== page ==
Viewpoint: US apparel industry data sheds light on sector shifts
An annual update of US apparel industry trends might use data that is more than a year old, but it offers an interesting snapshot of the state of play in the US textile and apparel trade, from domestic production trends to import costs.
On average, every man, woman, and child in the United States spent around $898 to purchase 62 garments in 2012, according to the newly-released ApparelStats report from the American Apparel & Footwear Association (AAFA).
That said, total consumption slipped by 0.1% to 19.37bn garments during the year, although values rose 4.8% to $282.2bn at retail.
And as a percentage of total Personal Consumption Expenditures (PCE), apparel accounts for just 2.5% of the total, compared with 3.5% in 1999.
Retail prices rose for a second straight year in 2012, with an increase of 3.4% attributed to combination of factors - including higher material, transportation and labour costs throughout the supply chain, along with a return to higher price-points as consumer confidence increased.
The movement was led by rises in prices for infants' and toddlers' apparel (5.4%), followed by men's and boys' apparel (4.2%), and women's and girls' apparel (3.5%).
As far as the source of these garments is concerned, 2.5% were produced domestically - while 97.5% were imported, falling from the all-time high of 98.0% in 2010.
Delve deeper into the data, and the number of garments made in the US rose by 8.5% in 2012 - marking a gain of 37.7m garments year-on-year to 483.6m in 2012. But it's a drop in the ocean compared with the total 18.95m garments imported during the year.
Estimates of the number of people employed in apparel manufacturing in the US during the year also tell a sobering tale, falling 2.4% between 2011 and 2012 to 148,100. This marks a drop of 72.6% since 1998.
The contraction in apparel manufacturing employment, despite increases in apparel production, can be partially attributed to a continuation of the productivity gains (in output per worker) experienced by the industry in recent years, the report says.
Apparel import trends
Obviously the vast majority of apparel products sold in the US are still made overseas.
The US imported 23.68bn square metre equivalents (SME) of apparel in 2012, slipping 0.8% on the year before. The dip largely due to declines in imports from six of the top ten apparel suppliers.
China remained the number one apparel supplier in 2012 (a ranking it has held since 2002) with a market share by volume of 41.7% - a level comparable to the previous three years.
Although apparel imports from China grew by 1.5% in 2012, apparel imports from Vietnam grew at a much stronger rate of 7.3%, suggesting that Vietnam remains the country that many apparel executives are looking to as they seek to lessen their dependence on China.
Vietnam remains the second largest supplier of apparel to the U.S. market, a position it has claimed since 2008.
Other top apparel suppliers to the US included Bangladesh (3), Indonesia (4), Honduras (5), Cambodia (6), Mexico (7), India (8), El Salvador (9) and Pakistan (10).
Although the rankings within this group have changed in recent years, the make-up of the top-10 has remained the same. Between them, they accounted for just over 84.7% of total US apparel imports - up from 66% in 2005.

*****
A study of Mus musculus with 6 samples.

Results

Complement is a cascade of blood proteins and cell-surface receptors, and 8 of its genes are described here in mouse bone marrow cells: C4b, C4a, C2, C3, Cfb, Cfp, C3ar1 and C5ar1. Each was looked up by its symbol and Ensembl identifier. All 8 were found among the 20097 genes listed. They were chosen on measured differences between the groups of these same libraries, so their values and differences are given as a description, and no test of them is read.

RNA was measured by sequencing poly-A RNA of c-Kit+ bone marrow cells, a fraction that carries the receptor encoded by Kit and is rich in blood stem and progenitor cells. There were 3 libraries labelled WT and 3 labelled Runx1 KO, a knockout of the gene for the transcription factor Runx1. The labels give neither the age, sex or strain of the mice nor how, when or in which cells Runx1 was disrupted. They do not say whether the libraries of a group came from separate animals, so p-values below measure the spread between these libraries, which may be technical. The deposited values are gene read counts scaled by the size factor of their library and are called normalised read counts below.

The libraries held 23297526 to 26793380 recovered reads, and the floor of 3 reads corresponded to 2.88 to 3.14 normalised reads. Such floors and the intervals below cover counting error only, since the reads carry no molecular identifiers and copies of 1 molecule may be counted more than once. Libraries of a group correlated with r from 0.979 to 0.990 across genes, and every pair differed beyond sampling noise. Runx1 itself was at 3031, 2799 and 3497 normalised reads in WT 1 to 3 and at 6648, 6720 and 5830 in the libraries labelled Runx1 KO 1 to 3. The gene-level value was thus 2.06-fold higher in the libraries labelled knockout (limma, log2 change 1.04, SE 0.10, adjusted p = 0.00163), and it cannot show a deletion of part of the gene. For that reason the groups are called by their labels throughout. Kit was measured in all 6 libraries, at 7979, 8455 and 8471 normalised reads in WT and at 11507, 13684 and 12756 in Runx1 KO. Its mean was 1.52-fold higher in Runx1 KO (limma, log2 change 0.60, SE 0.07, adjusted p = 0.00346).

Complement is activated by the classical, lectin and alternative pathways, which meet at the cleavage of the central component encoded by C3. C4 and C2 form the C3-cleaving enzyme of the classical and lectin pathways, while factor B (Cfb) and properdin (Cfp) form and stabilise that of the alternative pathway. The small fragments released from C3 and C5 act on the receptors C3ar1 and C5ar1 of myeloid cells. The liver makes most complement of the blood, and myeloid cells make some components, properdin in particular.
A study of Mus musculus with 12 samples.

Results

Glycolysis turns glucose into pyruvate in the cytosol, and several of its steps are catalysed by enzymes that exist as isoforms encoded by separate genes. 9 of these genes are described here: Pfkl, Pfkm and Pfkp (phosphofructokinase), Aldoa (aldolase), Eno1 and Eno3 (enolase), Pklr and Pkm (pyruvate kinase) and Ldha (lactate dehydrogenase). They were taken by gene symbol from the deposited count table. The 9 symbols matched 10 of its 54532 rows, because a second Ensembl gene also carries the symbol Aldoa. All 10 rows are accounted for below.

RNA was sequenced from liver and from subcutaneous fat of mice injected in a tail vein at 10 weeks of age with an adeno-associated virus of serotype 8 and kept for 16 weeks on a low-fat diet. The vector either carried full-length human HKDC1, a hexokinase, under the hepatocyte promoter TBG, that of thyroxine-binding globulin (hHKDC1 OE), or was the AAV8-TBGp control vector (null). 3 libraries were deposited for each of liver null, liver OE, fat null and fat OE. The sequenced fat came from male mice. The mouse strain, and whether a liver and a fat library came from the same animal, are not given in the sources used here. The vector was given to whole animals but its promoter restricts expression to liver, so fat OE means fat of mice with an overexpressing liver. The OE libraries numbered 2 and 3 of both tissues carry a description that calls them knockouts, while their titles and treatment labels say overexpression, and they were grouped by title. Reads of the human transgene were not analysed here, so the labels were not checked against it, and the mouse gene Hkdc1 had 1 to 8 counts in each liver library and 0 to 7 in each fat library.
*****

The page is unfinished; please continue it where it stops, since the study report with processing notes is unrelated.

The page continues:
Trade programmes sidestepped
Just 20.6% of all apparel imports entered under free trade agreements and preference programmes.
According to the report, apparel executives have reported a combination of complicated rules of origin, burdensome documentation procedures, and uncertainties around expiring preference programmes as underlying reasons for this trend.
However, some programmes did experience growth in 2012, thanks largely to flexible rules. Apparel imports from Jordan, for example, grew more than 14% in 2012. And a newly liberalised preference programme with Haiti helped that country chalk up a 5% gain in 2012.
The low utilisation of FTAs and preference programmes also meant that the average duty paid on US apparel imports continued to rise in 2012, growing to 13.26% - the highest since before 2000. In comparison, the average overall duty rate assessed on all imports (including apparel) in 2012 was just 1.32%.
Despite growing cost pressures throughout the supply chain, average apparel import prices dipped 0.3% in 2012 to $3.24, from a year earlier.
Average unit price drops in China (-2.6% to $2.94) and Vietnam (-0.4% to $3.31) were almost entirely offset by price increases by the next three largest suppliers: Bangladesh (+0.3% to $2.94), Indonesia (+1.2% to $3.91), and Honduras (+3.5% to $2.29).
Other interesting numbers to emerge are year-on-year drops in unit prices from Cambodia (-2.4% to $2.44), India (-1.2% to $3.64) and Pakistan (-4.4% to $2.53).
US apparel, textile and cotton exports
When it comes to exports of US apparel, textile products and fabric, all saw gains in 2012, continuing the upward trend experienced in 2011.
US apparel exports grew more than 7.6% fuelled by double-digit increases to Canada, Japan and the UK - the top three markets for finished apparel.
Fabric exports grew 3% on the back of gains to Mexico, El Salvador and Japan, and textile mill exports grew more than 5%.
But US cotton and yarn exports declined. Yarn shipments dropped nearly 10% in 2012, pulled down by double-digit declines to Honduras - although yarn exports to China continued their expansion, rising by 2.44% in value terms year-on-year.
Likewise, US cotton exports plummeted in 2012, dropping by more than 26% - although much of that decline was offset by a 30.8% hike in sales to China. China consumes more than half of all US cotton exports.